Fourplay’s jazz masters finally record their long-awaited duo project
Although keyboardist Bob James and bassist Nathan East have anchored the jazz supergroup Fourplay for 25 years, they’ve wanted to record an album of their own for years—but the timing was never quite right. “Because of our schedules we just couldn’t find the time,” says James. But finally they did—and with Yamaha Entertainment Group executive Chris Gero producing, the jazz wizards created The New Cool—an album that marks a distinct departure from Fourplay. “We’ve been stuck with the term smooth jazz,” James explains, “and we wanted to signal that we’re going in a different direction, wherever our hearts take us.”
What’s the genesis of the record?
The idea of doing the project started very small. Nathan and I were involved in a project I was doing with Korean guitarist Jack Lee. During those sessions I had this arrangement I’d been experimenting with, and I started playing it with Nathan. We locked in together in an instinctive way, and we were fascinated with it. As we kept living with this one song, both of us began to say maybe we should do a project with the same kind of attitude.
What sound were you going for?
We wanted it to represent our own way of making music and didn’t want to make any rules. If a piece suddenly started to cry out for percussion, sure. But we wanted to stay with our original goal, which was to have it be a dialogue between Nathan and me. One thing that was great was that Chris Gero is very much a purist about using real sounds—even though he represents Yamaha and they make synthesizers and all this great digital stuff, he wanted our music to have real instruments. I could do a pretty good job of simulating the orchestra but he said no—he wanted real people.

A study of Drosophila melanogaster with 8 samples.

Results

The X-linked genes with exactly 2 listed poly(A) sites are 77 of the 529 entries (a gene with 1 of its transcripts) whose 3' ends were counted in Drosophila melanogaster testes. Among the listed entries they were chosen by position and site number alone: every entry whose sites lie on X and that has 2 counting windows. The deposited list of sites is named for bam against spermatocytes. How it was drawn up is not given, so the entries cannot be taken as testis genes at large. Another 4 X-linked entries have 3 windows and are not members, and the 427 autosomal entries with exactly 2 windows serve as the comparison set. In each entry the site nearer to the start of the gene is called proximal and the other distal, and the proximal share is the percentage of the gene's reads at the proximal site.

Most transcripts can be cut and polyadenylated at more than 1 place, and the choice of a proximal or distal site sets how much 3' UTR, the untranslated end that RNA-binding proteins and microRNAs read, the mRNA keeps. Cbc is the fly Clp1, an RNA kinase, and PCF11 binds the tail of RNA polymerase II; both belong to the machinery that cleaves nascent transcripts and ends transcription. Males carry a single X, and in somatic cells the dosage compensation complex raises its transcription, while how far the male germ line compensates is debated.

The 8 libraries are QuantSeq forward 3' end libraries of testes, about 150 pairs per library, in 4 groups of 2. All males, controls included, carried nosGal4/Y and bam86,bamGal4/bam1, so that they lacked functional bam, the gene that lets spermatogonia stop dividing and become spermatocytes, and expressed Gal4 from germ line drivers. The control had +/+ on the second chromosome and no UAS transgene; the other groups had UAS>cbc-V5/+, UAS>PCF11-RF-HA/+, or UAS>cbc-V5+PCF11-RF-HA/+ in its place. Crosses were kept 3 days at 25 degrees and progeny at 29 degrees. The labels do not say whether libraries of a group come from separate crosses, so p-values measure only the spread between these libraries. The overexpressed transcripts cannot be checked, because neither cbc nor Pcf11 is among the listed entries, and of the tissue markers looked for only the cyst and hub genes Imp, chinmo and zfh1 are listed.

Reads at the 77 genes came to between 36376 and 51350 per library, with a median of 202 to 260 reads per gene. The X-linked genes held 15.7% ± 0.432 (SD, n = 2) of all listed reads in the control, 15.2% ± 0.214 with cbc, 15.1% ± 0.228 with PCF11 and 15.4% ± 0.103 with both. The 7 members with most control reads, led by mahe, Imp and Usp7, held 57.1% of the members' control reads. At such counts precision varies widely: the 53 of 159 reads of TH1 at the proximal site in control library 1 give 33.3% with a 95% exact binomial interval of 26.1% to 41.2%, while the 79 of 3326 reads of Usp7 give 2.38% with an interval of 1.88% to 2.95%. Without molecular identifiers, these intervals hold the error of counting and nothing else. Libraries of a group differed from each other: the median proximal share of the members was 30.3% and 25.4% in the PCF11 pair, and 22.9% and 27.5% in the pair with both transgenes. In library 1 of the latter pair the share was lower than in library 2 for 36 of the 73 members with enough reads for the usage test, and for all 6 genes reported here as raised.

Do you remember the first time you played together?
I was a New York guy and he was an L.A. guy, and it was during the era—25 years ago—when there was definitely a big difference in the approach and attitude between the coasts. A lot of the guys I knew well in New York had an aloofness and sometimes coldness: You play the music, you get the job done, but there’s not a lot of camaraderie. When I first played with Nathan, he had this natural smile on his face and he was very positive and not afraid to be complimentary.
Why cover Willie Nelson’s “Crazy”?
It just sort of came together in a magical, unpredictable way. It’s a tribute to my uncle, Bill McElhiney, a trumpeter and arranger who lived in Nashville. He worked with Patsy Cline, who had a big hit with “Crazy.” Nathan and I had an instrumental version we liked, but it was feeling naked. It’s not a song that you would immediately think of as a jazz instrumental piece—it has such a specific history as a country-pop song. I knew the song had meat and was interesting, but I kept trying to find a groove or something unique about it.
Chris asked if we’d like his friend Vince Gill to sing on it, and Vince said yes. We had to change it around though, because our version wasn’t in his key.
Fourplay’s been together for 25 years. How does that feel?
It’s scary to think that! I can still recall when we started the group, wondering if we’d have any longevity at all. A big part of the reason why we were able to stick around was the success of our first record. That sort of forced us into thinking that we were an actual group.